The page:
SEC approves streamlining of active ETF listings

Jul 27th, 2016 | By | Category: ETF and Index News

The US Securities and Exchange Commission (SEC) has granted approval for certain actively managed exchange-traded funds to reach the market faster than they currently are. The new rule will mean that ETFs that are actively managed – where the stock or bond holding is picked by human mangers as opposed to from an index – will see the time taken between initial filings and launch shortened.

SEC approves streamlining of active ETP listings

Chris Concannon, CEO of Bats Global Markets.

The move aims to bring the listing process for actively managed ETFs in line with the one used for index-based ETFs. The relaxation of the regulatory burden is a victory for the New York Stock Exchange and Bats Exchange, who launched their petitions in November of last year.

Actively managed ETFs fall under SEC Rule 19b-4 of the 1934 Securities Exchange Act. This requires an exchange to file a detailed description of a new derivative product, including options, warrants, hybrid securities and certain ETFs, on Form 19b-4 with the SEC for approval. Once approval is granted it can then be offered on exchange.  The case-by-case approval required for these ETFs significantly increased the costs and duration of the listings process.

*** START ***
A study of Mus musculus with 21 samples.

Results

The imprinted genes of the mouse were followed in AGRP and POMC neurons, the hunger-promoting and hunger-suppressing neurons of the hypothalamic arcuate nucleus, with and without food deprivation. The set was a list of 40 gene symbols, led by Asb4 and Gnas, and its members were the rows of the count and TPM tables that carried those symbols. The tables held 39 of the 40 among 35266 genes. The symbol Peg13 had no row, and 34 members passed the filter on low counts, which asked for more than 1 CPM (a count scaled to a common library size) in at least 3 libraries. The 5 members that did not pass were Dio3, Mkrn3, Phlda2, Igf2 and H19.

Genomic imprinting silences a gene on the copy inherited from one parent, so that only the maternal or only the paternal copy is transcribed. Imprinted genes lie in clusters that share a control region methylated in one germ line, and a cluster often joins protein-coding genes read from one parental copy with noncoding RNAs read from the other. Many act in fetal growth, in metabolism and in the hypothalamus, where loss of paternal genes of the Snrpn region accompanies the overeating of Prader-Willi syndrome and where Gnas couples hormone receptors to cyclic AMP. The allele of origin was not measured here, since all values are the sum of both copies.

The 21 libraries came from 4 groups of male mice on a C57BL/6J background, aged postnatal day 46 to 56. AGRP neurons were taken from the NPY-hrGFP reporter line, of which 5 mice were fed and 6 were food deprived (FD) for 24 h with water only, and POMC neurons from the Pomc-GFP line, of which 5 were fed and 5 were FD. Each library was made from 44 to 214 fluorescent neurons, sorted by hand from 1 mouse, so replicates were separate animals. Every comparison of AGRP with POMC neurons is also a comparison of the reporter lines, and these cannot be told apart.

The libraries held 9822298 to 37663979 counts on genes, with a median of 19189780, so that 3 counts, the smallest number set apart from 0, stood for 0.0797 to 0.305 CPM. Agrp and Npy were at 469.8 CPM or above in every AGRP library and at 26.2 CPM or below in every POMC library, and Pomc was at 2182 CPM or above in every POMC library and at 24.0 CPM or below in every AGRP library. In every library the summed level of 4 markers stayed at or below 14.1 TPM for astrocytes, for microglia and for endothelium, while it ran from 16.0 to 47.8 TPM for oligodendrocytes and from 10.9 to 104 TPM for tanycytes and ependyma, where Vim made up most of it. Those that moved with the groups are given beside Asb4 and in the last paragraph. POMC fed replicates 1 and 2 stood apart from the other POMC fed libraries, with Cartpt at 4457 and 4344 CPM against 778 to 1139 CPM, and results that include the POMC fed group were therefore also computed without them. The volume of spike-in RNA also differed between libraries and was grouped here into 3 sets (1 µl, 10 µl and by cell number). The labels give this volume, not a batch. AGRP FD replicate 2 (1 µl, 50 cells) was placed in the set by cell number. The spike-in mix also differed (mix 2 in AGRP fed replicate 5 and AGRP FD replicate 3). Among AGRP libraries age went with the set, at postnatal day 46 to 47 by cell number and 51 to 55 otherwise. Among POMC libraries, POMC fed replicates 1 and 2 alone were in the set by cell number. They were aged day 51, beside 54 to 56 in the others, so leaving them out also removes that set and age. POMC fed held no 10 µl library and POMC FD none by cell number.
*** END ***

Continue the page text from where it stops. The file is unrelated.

However, with immediate effect many actively managed funds will be able to list new ETF products without a separate filing with the SEC under SEC Rule 19b-4 if the ETF meets similar standards as specified for index-based products.

Doug Yones, Head of ETFs at NYSE, believes this will promote innovation in the growing ETF industry. “We are pleased that our efforts to rationalise the listings process for actively managed funds will provide issuers with greater certainty on timing and efficiency when launching new products.

“The NYSE is committed to reducing complexity in US markets to benefit issuers, market participants and investors. We are also proud to support our issuer community with the largest, most liquid, and highest quality ETF market, coupled with an unparalleled service model to navigate each stage of their product life cycle, from product development, launch and then active trading.”

Chris Concannon, CEO of Bats Global Markets, said: “This is a pivotal moment for the ETF industry as the introduction of these standards will help issuers of all sizes bring innovative funds to the market in weeks instead of months, and with more certainty of approval. In turn, investors will gain access to a much broader range of low-cost, high-performance investment products.

“Today’s approval is the result of nearly two years of intensive efforts and underscores our commitment to ensuring the ETF market is as efficient and innovative as possible.”

While the initiative will help speed up the listing process for active ETFs, the requirement for the ETFs to adhere to certain generic structures and standards is designed to prevent overly complex ETFs, or those using high risk financial instruments such as highly leveraged derivatives, from being brought to market without a greater degree of scrutiny. For example, the criteria limit the types of equity and fixed-income securities that the ETF may hold as well as the use of certain leveraged derivatives. Minimum capitalisations and trading volumes for portfolio securities are also enforced to reduce the risks associated with low liquidity within the underlying holdings.

Actively managed ETFs that do not meet the generic mould must continue to apply for and receive an order from the SEC before they can be listed on exchange.